Mehmedalija "Mak" Dizdar (17 October 1917 – 14 July 1971) was a Bosnian poet. His poetry combined influences from the Bosnian Christian culture, Islamic mysticism and cultural remains of medieval Bosnia, and especially the stecci. His works Stone Sleeper and The Blue River are probably the most important Bosnian-Herzegovinian poetic achievements of the 20th century.
Mehmedalija Dizdar was born during World War I, to a Bosniak family in Stolac, Bosnia and Herzegovina. He was the son of Muharem (died 1923) and Nezira (nee Babovic; 1881–1945). Mehmedalija was the second of three children. His older brother Hamid was a writer. Mehmedalija's sister Refika (1921–1945) and mother were killed in the Jasenovac concentration camp.
In 1936, Dizdar relocated to Sarajevo where he attended and graduated from the Gymnasium. He started working for the magazine Gajret, which his brother Hamid regulated and which was founded by Safvet beg Basagic.
Dizdar spent his World War II years as a supporter of the Communist Partisans. He moved frequently from place to place in order to avoid the Independent State of Croatia authorities' attention.
After the war, Dizdar was a prominent figure in the cultural life of Bosnia and Herzegovina, working as the editor-in-chief of the daily Oslobodenje (Liberation). He served as head of a few state-sponsored publishing houses and eventually became a professional writer and the President of the Writers' Union of Bosnia and Herzegovina, a post he held until his death.
Dizdar's son Enver (8 June 1944 – 21 December 2012) was a journalist and publicist.
Mak Dizdar died aged 53 in 1971, having outlived his parents and both siblings.
Dizdar's two poetry collections and series of longer poems, Kameni spavac (Stone Sleeper) (1966–71) and Modra rijeka (Blue River, 1971), fused seemingly disparate elements. He drew inspiration from pre-Ottoman Bosnian Christian culture, from the sayings of heterodox Islamic visionary mystics, and from the 15th century Bosnian vernacular linguistic idiom. His poetry referenced medieval Bosnian tombstones ("stecci" or "mramorovi" - marbles) and their gnomic inscriptions on the ephemerality of life. It articulated a distinctive vision of life and death, drawing on Christian and Muslim Gnostic sensibilities of life as a passage between "tomb and stars", expressing both the Gnostic horror of corporeality and a sense of the blessedness of the universe.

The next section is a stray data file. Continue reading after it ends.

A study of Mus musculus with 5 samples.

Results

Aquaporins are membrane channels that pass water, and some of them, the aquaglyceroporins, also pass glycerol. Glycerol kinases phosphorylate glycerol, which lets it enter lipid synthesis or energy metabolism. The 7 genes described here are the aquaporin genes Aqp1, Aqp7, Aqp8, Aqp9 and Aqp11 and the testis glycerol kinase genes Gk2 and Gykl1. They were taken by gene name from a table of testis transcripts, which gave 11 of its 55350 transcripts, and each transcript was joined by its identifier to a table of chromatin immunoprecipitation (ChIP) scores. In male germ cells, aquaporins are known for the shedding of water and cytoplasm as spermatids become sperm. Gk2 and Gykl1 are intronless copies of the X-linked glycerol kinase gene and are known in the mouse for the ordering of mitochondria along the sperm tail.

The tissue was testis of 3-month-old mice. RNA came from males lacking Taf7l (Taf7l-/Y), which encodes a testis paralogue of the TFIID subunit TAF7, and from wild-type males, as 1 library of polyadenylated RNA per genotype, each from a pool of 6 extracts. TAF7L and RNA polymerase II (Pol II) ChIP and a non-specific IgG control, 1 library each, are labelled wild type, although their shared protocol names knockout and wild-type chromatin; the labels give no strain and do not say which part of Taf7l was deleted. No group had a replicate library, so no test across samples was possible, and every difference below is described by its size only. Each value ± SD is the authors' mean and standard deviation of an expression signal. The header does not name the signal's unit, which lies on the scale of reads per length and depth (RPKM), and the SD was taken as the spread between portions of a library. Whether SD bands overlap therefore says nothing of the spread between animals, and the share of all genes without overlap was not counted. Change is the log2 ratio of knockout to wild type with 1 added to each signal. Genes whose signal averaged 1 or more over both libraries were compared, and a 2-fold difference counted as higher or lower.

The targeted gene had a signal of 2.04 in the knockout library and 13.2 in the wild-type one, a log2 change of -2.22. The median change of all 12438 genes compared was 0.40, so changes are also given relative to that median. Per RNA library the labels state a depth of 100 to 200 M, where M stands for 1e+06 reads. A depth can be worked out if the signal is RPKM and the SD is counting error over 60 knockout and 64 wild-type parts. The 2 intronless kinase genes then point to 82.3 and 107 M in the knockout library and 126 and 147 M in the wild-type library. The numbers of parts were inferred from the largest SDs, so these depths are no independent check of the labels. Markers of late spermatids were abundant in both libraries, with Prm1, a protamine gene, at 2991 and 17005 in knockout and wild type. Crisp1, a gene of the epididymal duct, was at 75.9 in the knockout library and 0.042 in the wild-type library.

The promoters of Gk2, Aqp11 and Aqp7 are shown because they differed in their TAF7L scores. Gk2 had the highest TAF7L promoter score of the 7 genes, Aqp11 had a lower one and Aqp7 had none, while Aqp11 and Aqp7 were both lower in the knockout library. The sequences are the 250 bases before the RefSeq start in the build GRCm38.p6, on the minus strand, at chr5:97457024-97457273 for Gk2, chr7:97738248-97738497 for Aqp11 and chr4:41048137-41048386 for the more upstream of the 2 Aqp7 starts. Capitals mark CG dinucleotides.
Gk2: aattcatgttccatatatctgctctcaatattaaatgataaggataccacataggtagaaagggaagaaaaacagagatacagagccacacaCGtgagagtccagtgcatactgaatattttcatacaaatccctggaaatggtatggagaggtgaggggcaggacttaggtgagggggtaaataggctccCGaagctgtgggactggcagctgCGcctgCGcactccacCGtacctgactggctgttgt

In Bosnia and Herzegovina, there are about 60,000 stecci and a total of 70,000 in the greater region. The stecci are inscribed with various symbols and illustrations. Many of the symbols on the stecci bore significant religious symbolism in Dizdar’s works. The most common religious motifs visible on the stecci were a crescent moon, stars and circles (representing the sun). The second most common motif were the cross, which never appears alone. It regularly is seen in unison with a crescent moon and a star, and also sometimes with other symbols like a shield, sword, spear or flags. Other symbols used on stecci were men with large right hands, spirals, images of a kolo and deer. In addition to carved symbols on the stecci, short inscpritoins or epigraphs were also carved into many stecci.The inscriptions on the stecci characterized the whole life of the deceased, their habits, the manner of their death, the love of their country in which they lie, and their awe at death. Dizdar used the symbols and the inscriptions on the stecci as the backbone for his most famous work, Kameni Spavac. Dizdar’s Bosnia was “defined by the stecci and Bosnia’s stigma regarding the question of it being the poetic subject response: its defiance from dreams.” Dizdar used the symbols and inscriptions on the stecci to give Kameni Spavac a historical point of view, by envisioning the world through the eyes of the medieval peoples buried under the stecci. By envisioning the world through the eyes of the stone sleeps buried under the stecci, Dizdar was able to discuss many themes. Through the stecci, he discussed themes of “the intimate life journey of origin, of homeland or landscapes, of sources of knowledge, of experiences of the world, of a new and coordinated deciphering of signs, which reach pass their singularity.” Dizdar said that the themes expressed in the inscriptions were the “secrets of Bosnia.” Dizdar himself described the importance and mystery of the stecci by saying “stecak is for me what it is not for others, things that are on them or in them, others did not inscribe or knew to see. It is stone, but also a word, it is earth, but also heaven, it is matter, but also a spirit, it is a cry, but also a song, it is death, but also life, it is the past, but also the future.”
Mak Dizdar also fought against the forced influence of the Serbian language on the Bosnian language, in his 1970 article "Marginalije o jeziku i oko njega".
After the collapse of Communism and following the war in Bosnia and Herzegovina, Dizdar's poetic magnum opus has remained the cornerstone of modern Bosnia and Herzegovina literature.